US v Gates: Why it matters that the world puts a brake on cyber- juggernaut

Everywhere you look, Microsoft is there. Its software operates 94 per cent of all personal computers sold today. It has four-fifths of the market for word-processing programmes. It is dominant in new sales of software for running computer networks in companies. It has invested in cable, multimedia, on-line commerce and movie-making. Bill Gates, chairman and founder of the computer software giant, is even invading outer space with a plan to launch nearly 300 low-orbit satellites that will beam Internet communications around the world.

This is why the ruling by a United States judge, that Microsoft has abused its monopoly power in one area, is so significant. This could be the first time that competition law will manage to prevent the company from gaining dominance in one of its target markets.

The US has had tougher legislation than the UK against the abuse of monopolies ever since John D Rockefeller grew over-mighty with Standard Oil. The American admiration for big business has a limit. The once-dominant IBM lost a lengthy anti-trust case in the early Eighties. It was competition policy, too, that broke up telephone company AT&T into regional companies, and opened the long-distance phone market to competitors like MCI and Sprint.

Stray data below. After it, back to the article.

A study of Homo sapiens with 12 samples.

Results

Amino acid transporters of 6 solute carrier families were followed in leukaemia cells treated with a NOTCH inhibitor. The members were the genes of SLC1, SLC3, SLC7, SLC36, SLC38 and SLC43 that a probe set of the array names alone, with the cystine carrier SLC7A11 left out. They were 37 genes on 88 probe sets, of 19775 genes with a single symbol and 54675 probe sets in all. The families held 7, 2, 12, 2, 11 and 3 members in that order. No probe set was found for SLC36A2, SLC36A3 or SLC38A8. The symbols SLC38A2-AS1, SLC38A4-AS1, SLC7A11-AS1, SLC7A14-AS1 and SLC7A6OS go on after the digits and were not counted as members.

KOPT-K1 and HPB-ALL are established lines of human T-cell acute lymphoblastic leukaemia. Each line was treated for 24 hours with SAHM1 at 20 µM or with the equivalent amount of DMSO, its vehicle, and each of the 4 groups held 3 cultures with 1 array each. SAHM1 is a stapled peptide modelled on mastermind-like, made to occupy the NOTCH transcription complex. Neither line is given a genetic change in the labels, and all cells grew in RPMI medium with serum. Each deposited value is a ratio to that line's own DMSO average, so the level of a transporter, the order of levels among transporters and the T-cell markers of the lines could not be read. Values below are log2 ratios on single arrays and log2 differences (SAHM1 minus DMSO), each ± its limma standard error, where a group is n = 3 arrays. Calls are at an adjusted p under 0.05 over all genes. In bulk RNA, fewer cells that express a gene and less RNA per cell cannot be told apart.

The US machinery puts Britain's feeble safeguards against powerful monopolies to shame.

The question is whether the new ruling will succeed in preventing Microsoft from eliminating consumer choice in areas where it is not yet dominant. The Internet is a crucial unconquered territory, and one Bill Gates desperately wants to dominate.

Microsoft's "Explorer" browser for accessing the Internet had rapidly caught up with the main alternative, Netscape, and threatened to corner the market for the software that helps people find their way around the Internet. Microsoft is already a big provider of Internet communications, after America Online. And Bill Gates has invested heavily in the content of what people might want to access, with the creation of an on-line magazine, investment in a film company, and, through the purchase of digital rights, to images of paintings in the National Gallery and the Hermitage Museum, the notebooks of Leonardo da Vinci, and a 16-million image photographic library.

Microsoft also faces a more crucial legal case. Sun Microsystems, another software company, accuses it of breaching its licence to use Sun's Java computer language. Java is crucial to preserving competition. It is a programming language created specifically to be used with any kind of computer operating system or software, and is making wildfire gains in the business computing market. With Java, you can use Windows alongside any other software. It is a kind of hi-tech glue.

Sun charges that Microsoft has altered Java, which it uses in the latest version of its Internet Explorer, in such a way that this essential compatibility with other software would not work. Microsoft has counter-sued Sun. The outcome of this battle will be just as important as the Internet browser war.